14th June: Distributed work environments & Knowledge Management
Day two of the hybrid event “NextGen Training Technologies: Data Driven Competence-Based Training & Assessment” (to read about day one follow this link) began with a presentation on an interdisciplinary and multidisciplinary framework on how a transformation towards a “human-aware digital economy” can be initiated, by Soheil Human, Vienna University of Economics and Business. In this keynote, Soheil Human argued that many of the current digitization and datafication practices are highly technology- or business-centric, which can cause negative socio-cognitive consequences. Therefore, applying a human-centric approach is important.
How do you teach your med-students hands-on how to use a defibrillator when bedside teaching is impossible? The COVID-19 pandemic led to an increased use of new technologies to implement virtual bedside teaching and remote simulation-based medical education. Michael Wagner, MedUni Vienna, explained how through eye-tracking, virtual and augmented reality and the development of new training concepts location and time-independent learning was allowed in distributed work environments.
Julia Kern, Soma Reality, helped us understand human behavior in digital environments and custom made Virtual Reality (VR) solutions based on data analytics to measure and predict human behavior in VR. In the next few years, according to Julia Kern, most VR headsets will utilize eye tracking as well as EMG for enhanced social VR interaction (facial expressions). This trend will enable the next generation of VR applications – that understand, predict and adapt to the individual user.
The benefits of AI-based technologies have been evident, due to digitalisation and data driven automatization, in numerous fields. AI-based assistance systems aim to show this potential also in industrial work environments. Michael Haslgrübler, Pro²Future, presented two real-life use cases as examples for the application of AI-based assistance: safety ensuring human-machine interaction in a polymer recycling process and quality controlling activity recognition in an assembly process.
In the presentation by Haris Isakovic, Viewpoint System, we learned that the ability to translate knowledge, experiences, and intuition from a human to machine is still a largely unexplored area of research and innovation. Smart Glasses are one of the essential technological innovations that bridge the gap between human and the machine. They will be one of the key drivers behind emerging technological and socio-economic transformations, such as Society5.0, Internet-of-Practices (IoP), or Metaverse.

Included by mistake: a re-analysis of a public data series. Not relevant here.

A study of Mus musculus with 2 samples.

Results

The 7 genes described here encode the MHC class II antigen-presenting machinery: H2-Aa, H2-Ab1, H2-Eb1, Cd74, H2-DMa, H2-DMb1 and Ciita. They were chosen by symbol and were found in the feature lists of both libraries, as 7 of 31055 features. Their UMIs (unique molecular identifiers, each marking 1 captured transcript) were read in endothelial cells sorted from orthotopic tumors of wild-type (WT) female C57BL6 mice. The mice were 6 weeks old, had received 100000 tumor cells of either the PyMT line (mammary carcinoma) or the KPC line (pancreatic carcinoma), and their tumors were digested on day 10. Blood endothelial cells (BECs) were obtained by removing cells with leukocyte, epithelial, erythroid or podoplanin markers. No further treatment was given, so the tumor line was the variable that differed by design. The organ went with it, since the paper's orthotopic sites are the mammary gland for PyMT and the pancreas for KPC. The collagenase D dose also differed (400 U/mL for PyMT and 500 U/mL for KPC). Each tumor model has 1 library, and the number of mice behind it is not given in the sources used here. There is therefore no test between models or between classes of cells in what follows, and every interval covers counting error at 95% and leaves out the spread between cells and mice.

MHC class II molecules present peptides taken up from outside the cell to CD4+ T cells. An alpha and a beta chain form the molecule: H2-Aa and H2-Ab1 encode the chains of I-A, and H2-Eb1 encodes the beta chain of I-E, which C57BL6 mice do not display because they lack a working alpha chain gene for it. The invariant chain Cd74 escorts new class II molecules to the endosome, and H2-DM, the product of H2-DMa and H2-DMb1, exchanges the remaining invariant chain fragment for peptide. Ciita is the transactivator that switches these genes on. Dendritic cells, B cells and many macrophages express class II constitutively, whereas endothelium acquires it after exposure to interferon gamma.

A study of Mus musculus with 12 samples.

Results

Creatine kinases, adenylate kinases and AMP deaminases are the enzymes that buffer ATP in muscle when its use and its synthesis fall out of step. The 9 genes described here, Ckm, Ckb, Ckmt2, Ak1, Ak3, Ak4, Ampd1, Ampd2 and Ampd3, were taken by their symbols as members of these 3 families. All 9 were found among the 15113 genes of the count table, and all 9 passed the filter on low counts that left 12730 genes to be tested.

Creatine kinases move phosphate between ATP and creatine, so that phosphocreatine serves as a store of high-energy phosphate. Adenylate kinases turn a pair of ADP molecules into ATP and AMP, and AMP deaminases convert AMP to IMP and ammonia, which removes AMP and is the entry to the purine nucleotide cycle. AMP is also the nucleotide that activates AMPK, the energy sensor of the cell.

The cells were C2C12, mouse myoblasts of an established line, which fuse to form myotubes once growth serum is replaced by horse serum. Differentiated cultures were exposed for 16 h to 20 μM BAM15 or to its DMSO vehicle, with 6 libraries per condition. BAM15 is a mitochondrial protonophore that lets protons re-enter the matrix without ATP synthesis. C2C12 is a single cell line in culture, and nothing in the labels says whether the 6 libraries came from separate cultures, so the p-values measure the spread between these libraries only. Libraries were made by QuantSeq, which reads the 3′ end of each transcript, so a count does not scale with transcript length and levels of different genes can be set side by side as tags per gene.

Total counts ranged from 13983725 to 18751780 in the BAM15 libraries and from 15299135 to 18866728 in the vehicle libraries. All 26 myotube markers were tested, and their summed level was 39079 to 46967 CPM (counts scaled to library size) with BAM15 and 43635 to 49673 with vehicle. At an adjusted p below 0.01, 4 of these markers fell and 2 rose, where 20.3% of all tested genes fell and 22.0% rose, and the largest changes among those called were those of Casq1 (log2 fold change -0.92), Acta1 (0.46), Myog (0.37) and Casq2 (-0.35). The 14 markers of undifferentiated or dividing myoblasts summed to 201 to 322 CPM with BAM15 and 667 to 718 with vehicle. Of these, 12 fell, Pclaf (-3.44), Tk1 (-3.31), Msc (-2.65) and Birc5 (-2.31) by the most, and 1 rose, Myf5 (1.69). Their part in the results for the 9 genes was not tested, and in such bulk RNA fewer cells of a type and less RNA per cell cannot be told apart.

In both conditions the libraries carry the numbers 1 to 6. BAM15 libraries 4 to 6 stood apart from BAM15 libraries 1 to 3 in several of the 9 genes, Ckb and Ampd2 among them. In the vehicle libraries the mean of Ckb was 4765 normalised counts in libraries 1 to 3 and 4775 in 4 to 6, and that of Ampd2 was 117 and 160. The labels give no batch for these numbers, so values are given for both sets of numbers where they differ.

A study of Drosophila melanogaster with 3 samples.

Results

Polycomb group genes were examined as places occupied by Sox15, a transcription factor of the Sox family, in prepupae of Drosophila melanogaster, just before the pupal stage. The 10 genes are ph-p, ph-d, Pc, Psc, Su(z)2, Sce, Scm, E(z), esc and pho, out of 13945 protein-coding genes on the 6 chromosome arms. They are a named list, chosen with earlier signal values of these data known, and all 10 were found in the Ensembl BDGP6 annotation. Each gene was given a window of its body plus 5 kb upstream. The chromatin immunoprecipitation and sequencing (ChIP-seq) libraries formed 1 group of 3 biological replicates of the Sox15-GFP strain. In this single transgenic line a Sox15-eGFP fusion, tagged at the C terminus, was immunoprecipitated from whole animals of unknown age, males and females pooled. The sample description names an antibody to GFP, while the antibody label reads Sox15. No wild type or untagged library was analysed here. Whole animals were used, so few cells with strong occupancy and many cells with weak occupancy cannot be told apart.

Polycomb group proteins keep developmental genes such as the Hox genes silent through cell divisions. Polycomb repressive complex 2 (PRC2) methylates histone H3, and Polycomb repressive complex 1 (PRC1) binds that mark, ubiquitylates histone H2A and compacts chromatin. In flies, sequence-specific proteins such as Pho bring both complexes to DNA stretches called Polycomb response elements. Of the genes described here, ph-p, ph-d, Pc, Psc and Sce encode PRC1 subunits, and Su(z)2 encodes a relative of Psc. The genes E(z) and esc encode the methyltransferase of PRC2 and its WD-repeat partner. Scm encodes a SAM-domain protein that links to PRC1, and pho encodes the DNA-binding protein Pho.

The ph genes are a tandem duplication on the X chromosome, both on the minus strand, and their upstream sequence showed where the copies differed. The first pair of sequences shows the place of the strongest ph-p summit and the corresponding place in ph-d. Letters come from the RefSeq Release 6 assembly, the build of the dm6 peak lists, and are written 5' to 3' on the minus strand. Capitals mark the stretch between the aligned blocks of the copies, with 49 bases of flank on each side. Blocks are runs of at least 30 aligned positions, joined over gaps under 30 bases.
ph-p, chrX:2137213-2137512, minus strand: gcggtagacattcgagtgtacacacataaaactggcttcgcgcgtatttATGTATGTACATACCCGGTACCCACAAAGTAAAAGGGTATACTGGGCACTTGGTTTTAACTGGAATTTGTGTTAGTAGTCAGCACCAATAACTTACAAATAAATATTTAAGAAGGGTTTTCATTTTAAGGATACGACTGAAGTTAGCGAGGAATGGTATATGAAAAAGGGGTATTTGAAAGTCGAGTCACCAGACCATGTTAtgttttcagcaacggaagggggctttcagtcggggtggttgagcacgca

Paul Stanzenberger, Teammazing, showed us how knowledge management is done and how companies can prepare for this change and establish a thriving virtual work culture. Paul Stanzenberger shared innovative concepts on how to create enthusiasm, team spirit and high-performing teamwork remotely.
Augmented Reality enables learning and training like no other technology. It allows us to create learning experiences that seamlessly blend digital content into the real world. In this talk, Mikhail Fominykh, NTNU, gave us insight at the state-of-the-art methods, hardware, and software tools for designing and delivering training with Augmented Reality.
Mackenzie Himmelbauer, COO at Visions, told us:
“Artificial Intelligence can allow personalized learning and individual career paths to become reality. However, these AI systems will need multiple data points about the person to be effective and also will need an ethical and human-centric framework to make sure they truly serve the individual’s needs and do not enclose people in deterministic loops neither use their data without their knowledge or consent. We propose a way forward to make a global human-centric data sharing infrastructure happen through a concrete project where public, research and private organizations are already collaborating : Prometheus-X.”
The last keynote of the day was presented by Bernhard Göschlberger, RSA FG on the impact and effect of social micro-learning and demonstrated the results on statistically significant effects between student exam scores and social micro-learning activities. These results suggest not only that more active students perform better on exams, but also that the type of activity matters. Students, according to Bernhard Göschlberger, who design learning activities that go beyond memorizing facts consistently outperform their peers by more than 20%.